Whether you are outsourcing your bookkeeping or doing your own books in-house, as the leader in your organization you need to know your financial information is reliable. Understanding "best practices" and incorporating them into your own business processes will help you get data you can trust, so you can make the decisions that are best for your business.
Here are some tips to help you stay on top of the books:
1. Get or stay involved! Knowing what the system is and how it works helps keep you, the director of this show, in the know. A broad understanding of the way the books work will help you to make informed decisions regarding processes, and to understand the capabilities and limitations of the data. If you need education ask questions, do some research, or take a class. Finances are not everyone’s favorite topic – but it is vital to the success of your organization! And in particular, if you are a board member for a non-profit, it is part of your fiduciary responsibility to each donor.
2. Make the most of the data. The information that is being entered into your bookkeeping system is used fulfill state and federal requirements (taxes,) but what else are you using the data for? Make the data work for you. Set up reports to help you zero in on areas that help you manage your organization.
3. Have your processes documented. Focus on the how as well as the what. We know that processes are often undergoing change as the way we do business changes, but it is important to document this as a protection for your organization. Updating this periodically is an opportunity to review and make adjustments as circumstances change.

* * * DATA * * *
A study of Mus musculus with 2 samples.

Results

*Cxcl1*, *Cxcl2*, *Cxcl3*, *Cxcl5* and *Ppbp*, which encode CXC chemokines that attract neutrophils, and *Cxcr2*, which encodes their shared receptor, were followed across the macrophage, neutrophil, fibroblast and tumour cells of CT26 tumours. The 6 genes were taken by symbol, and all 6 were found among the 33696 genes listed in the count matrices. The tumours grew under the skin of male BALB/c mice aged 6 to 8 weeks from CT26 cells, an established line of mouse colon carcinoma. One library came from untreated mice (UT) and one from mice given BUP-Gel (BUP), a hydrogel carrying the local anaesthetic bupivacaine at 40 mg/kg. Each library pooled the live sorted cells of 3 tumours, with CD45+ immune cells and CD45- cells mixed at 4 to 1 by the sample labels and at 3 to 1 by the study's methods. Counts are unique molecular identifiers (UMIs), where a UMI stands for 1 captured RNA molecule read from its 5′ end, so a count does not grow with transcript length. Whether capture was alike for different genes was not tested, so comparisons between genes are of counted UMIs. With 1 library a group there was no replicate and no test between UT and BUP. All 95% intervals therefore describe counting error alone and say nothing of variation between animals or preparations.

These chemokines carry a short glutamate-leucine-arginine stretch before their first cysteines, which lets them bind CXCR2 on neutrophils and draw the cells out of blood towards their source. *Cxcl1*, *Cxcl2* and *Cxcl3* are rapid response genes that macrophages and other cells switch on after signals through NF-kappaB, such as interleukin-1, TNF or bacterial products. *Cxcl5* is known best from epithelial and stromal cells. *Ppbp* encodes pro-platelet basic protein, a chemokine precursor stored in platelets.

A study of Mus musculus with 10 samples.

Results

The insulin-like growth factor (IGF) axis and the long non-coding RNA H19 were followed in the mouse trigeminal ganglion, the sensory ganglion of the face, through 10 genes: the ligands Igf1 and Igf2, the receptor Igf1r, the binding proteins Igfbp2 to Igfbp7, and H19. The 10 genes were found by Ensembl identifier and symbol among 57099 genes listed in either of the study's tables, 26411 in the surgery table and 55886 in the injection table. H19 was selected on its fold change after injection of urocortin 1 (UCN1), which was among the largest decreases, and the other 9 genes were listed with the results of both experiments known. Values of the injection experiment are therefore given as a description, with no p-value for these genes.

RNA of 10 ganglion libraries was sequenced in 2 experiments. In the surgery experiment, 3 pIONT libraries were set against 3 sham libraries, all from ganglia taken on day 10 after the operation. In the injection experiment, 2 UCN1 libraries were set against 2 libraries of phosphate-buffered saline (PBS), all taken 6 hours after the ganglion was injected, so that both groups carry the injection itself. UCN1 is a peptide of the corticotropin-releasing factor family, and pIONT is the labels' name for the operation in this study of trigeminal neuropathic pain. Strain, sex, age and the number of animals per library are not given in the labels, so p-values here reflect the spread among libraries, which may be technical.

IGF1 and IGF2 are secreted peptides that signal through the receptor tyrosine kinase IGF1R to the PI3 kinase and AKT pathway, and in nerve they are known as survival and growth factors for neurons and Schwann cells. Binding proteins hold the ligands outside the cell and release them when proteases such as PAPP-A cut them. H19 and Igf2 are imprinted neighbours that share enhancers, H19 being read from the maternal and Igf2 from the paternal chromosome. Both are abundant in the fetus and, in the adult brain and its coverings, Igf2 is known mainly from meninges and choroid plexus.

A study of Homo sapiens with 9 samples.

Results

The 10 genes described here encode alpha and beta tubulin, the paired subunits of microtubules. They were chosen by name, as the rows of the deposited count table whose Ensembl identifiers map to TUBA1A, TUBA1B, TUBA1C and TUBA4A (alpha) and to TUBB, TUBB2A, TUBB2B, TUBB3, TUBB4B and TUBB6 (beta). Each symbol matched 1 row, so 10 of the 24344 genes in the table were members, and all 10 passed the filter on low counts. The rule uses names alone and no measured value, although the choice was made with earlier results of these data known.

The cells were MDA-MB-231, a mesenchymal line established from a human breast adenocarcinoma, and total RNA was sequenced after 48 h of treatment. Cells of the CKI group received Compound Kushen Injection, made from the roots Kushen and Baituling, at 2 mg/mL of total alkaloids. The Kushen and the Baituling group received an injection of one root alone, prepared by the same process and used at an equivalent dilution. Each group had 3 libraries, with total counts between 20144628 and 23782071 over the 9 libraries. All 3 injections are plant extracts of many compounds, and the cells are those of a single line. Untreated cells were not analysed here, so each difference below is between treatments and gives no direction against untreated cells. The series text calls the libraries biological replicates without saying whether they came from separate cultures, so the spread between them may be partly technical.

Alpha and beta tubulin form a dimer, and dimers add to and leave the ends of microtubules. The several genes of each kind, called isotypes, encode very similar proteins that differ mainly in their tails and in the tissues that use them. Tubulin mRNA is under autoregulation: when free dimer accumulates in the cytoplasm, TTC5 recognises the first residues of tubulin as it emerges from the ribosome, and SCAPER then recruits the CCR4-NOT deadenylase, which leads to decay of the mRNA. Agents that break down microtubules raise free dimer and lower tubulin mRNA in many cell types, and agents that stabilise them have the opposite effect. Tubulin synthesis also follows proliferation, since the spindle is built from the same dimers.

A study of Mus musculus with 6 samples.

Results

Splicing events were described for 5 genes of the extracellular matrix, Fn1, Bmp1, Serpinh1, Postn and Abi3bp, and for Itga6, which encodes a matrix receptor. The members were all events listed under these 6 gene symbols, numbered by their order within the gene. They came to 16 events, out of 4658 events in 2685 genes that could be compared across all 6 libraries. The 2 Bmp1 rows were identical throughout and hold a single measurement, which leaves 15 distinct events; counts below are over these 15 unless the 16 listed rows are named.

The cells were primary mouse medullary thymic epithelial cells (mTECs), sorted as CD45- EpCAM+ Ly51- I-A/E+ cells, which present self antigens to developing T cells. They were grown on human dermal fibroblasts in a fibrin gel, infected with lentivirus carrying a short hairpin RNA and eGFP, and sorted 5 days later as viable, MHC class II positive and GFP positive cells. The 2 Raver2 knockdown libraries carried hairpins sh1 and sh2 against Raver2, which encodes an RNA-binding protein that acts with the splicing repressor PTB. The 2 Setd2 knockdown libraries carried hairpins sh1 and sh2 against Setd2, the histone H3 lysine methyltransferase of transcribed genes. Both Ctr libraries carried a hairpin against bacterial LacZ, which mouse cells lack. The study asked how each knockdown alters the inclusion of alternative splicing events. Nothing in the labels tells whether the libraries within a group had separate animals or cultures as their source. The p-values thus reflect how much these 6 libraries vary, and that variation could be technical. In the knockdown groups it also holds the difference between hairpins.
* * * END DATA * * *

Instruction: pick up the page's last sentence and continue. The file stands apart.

4. Never have your bookkeeper as a signer on your account. Naturally, access to accounts is helpful, but there must be checks and balances and this is a big one. Have your bookkeeper manage the entry and classification of transactions, but allow for having another person to authorize the bill payments or payroll deposits.
5. Make sure you see the bank statement each month. Are you familiar with all the activity you see? All deposits, transfers and checks written?
6. Check in with your tax professional mid-year or 3rd quarter in addition to tax time. Your tax professional needs to know what is going on with your business so that if you need it, you have time to implement their recommendations to save tax dollars.
7. Cross-train your staff. Plan for the unexpected! It is not unheard of to find yourself in a compromised position due to illness or sudden changes. Remember, this is a team – make sure you have some backup.
8. Set a regular time to meet and review your financials. Reviewing sales, projecting cash flow, estimating upcoming expenses and liability payments are some of the things you should be reviewing on a regular basis. This could be weekly, monthly, or something else, depending on your organization’s need. If it is a date with yourself, your in-house support or if you outsource the work, consistency creates a window of time where you know these items will be addressed and allows you to get on with your other tasks.
9. Create systems to help your organization’s efficiency. Something as simple as coding your transactions when they are approved relieves so much verbal communication – sometimes words can be misinterpreted, but a number is definitive. Any effort made to streamline this work makes it more reliable and lets you get to other parts of business that need your attention.
10. Provide your staff and yourself with support. Invest in the time to explore how this part of your business can provide valuable information. Invest in documentation and processes to support and assist your mission. Invest in your staff to provide training to help them do the best job they can.